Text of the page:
Police are following up a report about the way a vehicle registered to Labour MP and former Police Association head Greg O'Connor travelled through Central Otago.

O'Connor says he can't recall driving in an erratic or alarming way and would be happy to talk to police.

Police said a member of the public contacted them about a car being driven on the Gibbston Highway, which is SH6, just east of Queenstown at around 8.45pm on Wednesday.

Police searched for the vehicle, registered to O'Connor, but could not find it on Wednesday night. They said yesterday they would be following up on the report.


But he said he had not been in any accidents or near-misses, and had no idea what the member of the public's concern might be about.

"I can't think of anything it might relate to. I was travelling with my autistic son and if he ever needs attention, I try to pull over," O'Connor told the Herald.

"I'd be interested to know what the perception was. I'd be very, very surprised if someone thought I was speeding.

"I can't recall anything, certainly nothing that resulted in a near-miss or anything like that. I'm scratching my head."

Asked whether he had been drinking, he said: "I don't drink."

He said police had not been in touch with him, but he was happy to talk to them.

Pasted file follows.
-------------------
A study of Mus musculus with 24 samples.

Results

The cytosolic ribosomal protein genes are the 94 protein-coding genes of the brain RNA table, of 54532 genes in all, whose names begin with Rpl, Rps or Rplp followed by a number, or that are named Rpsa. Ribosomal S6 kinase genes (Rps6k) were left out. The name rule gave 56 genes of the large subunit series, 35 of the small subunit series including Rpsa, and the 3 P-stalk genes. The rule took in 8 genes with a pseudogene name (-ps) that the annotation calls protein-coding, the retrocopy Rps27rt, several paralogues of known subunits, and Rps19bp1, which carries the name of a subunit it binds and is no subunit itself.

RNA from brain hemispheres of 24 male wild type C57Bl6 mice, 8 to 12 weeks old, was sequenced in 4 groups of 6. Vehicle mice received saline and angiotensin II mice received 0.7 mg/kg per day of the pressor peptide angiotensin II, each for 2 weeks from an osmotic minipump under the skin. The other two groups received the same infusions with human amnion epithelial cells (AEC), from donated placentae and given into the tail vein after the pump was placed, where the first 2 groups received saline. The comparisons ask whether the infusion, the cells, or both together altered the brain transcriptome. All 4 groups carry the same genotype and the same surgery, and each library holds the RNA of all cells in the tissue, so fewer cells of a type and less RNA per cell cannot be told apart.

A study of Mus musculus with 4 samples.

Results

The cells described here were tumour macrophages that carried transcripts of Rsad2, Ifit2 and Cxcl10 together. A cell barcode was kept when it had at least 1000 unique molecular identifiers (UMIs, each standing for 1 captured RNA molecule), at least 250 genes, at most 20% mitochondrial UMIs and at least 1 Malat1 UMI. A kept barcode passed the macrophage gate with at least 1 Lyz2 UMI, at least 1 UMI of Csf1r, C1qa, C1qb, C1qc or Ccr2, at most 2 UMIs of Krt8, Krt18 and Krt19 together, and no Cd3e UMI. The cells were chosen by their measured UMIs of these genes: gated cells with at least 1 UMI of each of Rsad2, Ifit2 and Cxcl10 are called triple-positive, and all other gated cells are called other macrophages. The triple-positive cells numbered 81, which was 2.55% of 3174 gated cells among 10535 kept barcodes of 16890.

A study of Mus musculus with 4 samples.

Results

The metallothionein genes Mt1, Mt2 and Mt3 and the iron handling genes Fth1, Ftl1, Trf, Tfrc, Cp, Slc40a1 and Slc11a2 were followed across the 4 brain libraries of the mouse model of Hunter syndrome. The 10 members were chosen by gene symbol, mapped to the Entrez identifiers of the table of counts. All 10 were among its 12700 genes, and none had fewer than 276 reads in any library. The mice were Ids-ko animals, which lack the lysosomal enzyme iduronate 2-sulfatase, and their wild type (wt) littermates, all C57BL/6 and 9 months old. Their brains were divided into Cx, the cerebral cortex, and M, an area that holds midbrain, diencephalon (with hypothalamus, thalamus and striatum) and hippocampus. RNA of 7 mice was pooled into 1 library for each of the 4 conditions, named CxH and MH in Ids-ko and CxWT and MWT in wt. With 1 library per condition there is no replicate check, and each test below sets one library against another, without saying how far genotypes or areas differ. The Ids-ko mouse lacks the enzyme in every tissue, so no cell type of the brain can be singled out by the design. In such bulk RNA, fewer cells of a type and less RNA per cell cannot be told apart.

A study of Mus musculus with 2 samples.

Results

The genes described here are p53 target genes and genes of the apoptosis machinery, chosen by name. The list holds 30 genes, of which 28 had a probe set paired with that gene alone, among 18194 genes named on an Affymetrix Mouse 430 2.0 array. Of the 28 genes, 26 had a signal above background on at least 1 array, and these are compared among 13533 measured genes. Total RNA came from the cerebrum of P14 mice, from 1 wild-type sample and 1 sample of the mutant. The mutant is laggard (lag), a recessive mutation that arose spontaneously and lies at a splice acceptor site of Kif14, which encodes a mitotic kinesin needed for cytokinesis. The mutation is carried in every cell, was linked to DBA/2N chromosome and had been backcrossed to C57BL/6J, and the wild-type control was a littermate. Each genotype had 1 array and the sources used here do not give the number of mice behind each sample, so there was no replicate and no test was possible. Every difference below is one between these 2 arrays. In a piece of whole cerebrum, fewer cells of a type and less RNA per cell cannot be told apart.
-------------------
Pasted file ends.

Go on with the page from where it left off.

"I'll just wait to hear from police."

A spokesperson for police said the member of the public had contacted police because of "the manner in which the vehicle was being driven".

Police had tried to find the vehicle after they received the report.

"The vehicle was not located at the time. This report will be followed up by police," the spokesperson said.

O'Connor was the longest-serving president of the Police Association before he became the MP for Ohariu in 2017.

Prior to that he was a police officer, rising to the rank of senior sergeant, and once spent 18 months undercover in the drug and gang scene in the North Island.

In 1995 he became the association's president, a position he held until 2016. When he stepped down, he said lifting the credibility of the association was his main achievement.

He also spent eight years as the chairman of the International Council of Police Representative Associations, representing 1.5 million officers from more than 30 countries.

He was awarded life membership of the Police Association in 2017.